CARSON, February 11

The House met at 10 A.M. Present, 18. Absent, Messrs. Clagett, Dixson, Gillespie, Phillips, Stewart and Ungar.


Mr. Heaton rose to a question of privilege, and said he was reported in the ENTERPRISE as having moved that the Committee of the Whole recommend the rejection of Miss Clapp's Seminary bill. That was a mistake. He said his motion was to refer the bill back to the Standing Committee on Colleges and Common Schools. [I; suppose that is true; I do not consider myself responsible for mistakes made when the House is full of beautiful women, who are: writing tender notes to me all the time and expecting me to answer them. In cases of this kind, I would just as soon misrepresent a member as any other way. - MARK] Mr. Heaton was easy on the reporters, but he was very severe on Mr. Gillespie. He said it would appear from the report that Mr. Gillespie included him among those members who had dodged the issue on the telegraph bill - whereas he was absent from the House, by permission of the Speaker, with the Prison Committee.

The Speaker said there was nothing incorrect about the report - that Mr. Heaton was shielded from Mr. Gillespie's insinuation by a preceding paragraph, which stated the fact that he had been excused from attendance.

Whereupon Jefferson's Manual arose the same being known on the credit accounts of the several saloons as "Young Gillespie" - and proceeded to waste the time of the House, as usual, in dilating upon some trivial distinction without a difference. [He was after the reporter of the ENTERPRISE, in the first place, but before I could catch his drift, he fell a victim to his old regular "parliamentary usage" dysentery, - passed his brains, and became a smiling, sociable, driveling lunatic. Consequently, I failed to find out what I had been doing to young Gillespie, after all. - MARK TWAIN.]



A message was received from the Council, transmitting the following bills:

Council bill incorporating the Austin Christian Association. [The Speaker was at a loss to know what committee to refer a bill of such an unusual nature to - wherein his head was level. He finally referred it to the Lander delegation, two of the most faithful and consistent supporters of the Devil there are in the House. - MARK.]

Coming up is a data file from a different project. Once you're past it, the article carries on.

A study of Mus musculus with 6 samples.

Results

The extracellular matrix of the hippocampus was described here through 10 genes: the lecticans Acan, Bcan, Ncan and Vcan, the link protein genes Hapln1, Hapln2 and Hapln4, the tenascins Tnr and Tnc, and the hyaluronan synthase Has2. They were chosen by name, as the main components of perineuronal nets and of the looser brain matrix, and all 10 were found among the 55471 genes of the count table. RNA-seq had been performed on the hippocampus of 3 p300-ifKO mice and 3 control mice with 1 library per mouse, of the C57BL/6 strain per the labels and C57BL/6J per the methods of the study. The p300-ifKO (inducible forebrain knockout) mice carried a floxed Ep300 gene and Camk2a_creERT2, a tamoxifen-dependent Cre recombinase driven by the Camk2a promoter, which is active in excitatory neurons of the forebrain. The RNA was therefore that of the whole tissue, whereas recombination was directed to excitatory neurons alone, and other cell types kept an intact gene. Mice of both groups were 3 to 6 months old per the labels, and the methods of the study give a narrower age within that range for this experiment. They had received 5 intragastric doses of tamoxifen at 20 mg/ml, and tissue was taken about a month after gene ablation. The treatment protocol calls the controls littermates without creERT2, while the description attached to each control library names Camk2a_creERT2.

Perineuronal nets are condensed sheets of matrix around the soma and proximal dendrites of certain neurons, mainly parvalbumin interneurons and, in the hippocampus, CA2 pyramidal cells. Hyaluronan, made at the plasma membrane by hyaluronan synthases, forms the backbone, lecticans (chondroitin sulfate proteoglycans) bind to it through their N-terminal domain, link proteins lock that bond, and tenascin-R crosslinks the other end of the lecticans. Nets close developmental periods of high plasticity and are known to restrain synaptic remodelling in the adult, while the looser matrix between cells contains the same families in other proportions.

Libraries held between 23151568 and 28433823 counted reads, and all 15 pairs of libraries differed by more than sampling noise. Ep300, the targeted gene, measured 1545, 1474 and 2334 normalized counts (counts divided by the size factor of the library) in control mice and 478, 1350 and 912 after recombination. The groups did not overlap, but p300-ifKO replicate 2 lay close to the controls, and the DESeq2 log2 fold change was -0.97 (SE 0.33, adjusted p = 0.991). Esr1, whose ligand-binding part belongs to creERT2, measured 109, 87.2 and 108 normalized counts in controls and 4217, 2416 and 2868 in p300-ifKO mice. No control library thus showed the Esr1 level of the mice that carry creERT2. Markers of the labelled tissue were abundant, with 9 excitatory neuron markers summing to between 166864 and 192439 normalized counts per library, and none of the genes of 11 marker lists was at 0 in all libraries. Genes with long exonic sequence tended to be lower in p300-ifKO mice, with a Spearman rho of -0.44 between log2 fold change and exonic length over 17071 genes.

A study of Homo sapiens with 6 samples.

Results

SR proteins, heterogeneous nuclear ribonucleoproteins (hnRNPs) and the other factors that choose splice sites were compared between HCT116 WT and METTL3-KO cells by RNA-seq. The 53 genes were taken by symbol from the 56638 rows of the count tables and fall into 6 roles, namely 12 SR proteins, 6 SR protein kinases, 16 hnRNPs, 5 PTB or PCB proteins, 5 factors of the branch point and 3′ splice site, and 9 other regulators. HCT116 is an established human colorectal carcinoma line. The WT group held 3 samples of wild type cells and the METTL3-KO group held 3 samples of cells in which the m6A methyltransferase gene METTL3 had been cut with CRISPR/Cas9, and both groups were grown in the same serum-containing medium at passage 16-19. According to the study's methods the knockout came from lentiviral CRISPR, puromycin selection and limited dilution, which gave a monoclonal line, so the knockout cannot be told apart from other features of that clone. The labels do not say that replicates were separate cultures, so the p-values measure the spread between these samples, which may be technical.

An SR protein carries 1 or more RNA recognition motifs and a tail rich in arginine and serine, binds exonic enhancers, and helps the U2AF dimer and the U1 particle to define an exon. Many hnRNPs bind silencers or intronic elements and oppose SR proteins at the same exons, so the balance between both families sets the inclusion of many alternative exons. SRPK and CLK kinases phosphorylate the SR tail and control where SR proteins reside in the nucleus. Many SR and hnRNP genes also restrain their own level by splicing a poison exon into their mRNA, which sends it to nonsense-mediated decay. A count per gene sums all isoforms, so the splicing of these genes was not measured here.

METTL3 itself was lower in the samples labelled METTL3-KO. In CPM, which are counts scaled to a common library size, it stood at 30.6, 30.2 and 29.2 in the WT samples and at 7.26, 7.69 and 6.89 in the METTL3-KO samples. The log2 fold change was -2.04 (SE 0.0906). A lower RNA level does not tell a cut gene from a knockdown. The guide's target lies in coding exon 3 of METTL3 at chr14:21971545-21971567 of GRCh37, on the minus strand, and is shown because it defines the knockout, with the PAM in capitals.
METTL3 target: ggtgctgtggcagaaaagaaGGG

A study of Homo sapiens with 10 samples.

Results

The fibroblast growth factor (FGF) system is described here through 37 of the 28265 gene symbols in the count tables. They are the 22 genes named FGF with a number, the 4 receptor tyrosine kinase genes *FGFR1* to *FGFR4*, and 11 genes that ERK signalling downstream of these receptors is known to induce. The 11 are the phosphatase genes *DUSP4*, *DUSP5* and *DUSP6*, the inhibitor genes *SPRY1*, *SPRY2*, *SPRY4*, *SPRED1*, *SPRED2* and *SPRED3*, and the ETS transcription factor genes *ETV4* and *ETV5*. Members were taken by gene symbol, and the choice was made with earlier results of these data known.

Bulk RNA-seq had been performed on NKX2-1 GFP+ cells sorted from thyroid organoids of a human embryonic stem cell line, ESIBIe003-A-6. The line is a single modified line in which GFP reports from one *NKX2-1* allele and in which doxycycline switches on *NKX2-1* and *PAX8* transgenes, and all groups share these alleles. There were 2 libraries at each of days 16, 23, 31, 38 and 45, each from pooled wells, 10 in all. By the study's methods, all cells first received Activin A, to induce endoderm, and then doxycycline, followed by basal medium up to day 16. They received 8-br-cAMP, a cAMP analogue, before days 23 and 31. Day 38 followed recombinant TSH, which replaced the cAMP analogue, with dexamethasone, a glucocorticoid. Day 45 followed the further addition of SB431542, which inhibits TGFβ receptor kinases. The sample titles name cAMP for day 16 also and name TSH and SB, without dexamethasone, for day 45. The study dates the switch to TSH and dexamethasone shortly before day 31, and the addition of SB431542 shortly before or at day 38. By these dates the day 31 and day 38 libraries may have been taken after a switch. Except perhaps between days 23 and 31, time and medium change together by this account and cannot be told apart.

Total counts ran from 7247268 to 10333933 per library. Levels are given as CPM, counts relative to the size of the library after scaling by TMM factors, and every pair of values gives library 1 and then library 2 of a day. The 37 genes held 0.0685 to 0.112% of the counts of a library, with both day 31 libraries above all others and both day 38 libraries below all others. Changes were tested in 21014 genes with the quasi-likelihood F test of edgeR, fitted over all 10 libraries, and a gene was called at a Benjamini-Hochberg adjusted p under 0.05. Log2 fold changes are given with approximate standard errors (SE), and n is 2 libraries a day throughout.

Council bill for the relief of certain parties. Referred to the Committee on Claims.

At 5 P.M. the House adjourned until 6:30 P.M.

[While I was absent a moment, yesterday, on important business, taking a drink, the House, with its accustomed engaging unanimity, knocked one of my pet bills higher than a kite, without a dissenting voice. I convened the members in extra session last night, and deluged them with blasphemy, after which I entered into a solemn compact with them, whereby, in consideration of their re-instating my bill, I was to make an ample apology for all the mean things I had said about them for passing that infamous, unchristian, infernal telegraph bill the other day. I also promised to apologize for all the mean things that other people had published against them for their depraved action aforesaid. They reinstated my pet to-day, unanimously, thus fulfilling their contract to the letter, and in conformity with my promise above referred to, I hereby solemnly apologize for their rascally conduct in passing the infamous telegraph bill above mentioned. Under ordinary circumstances, they never would have done such a thing - but upon that occasion I think they had been fraternizing with Clagett and Simmons at the White House, and were under the vicious influence of Humboldt whisky. Consequently, they were not responsible, Sir - they were not responsible, either to anybody on earth or in heaven. - MARK TWAIN.]

[reprinted in Mark Twain of the Enterprise, edited by Henry Nash Smith, (Univ. of California Press, 1957), pp. 154-56.]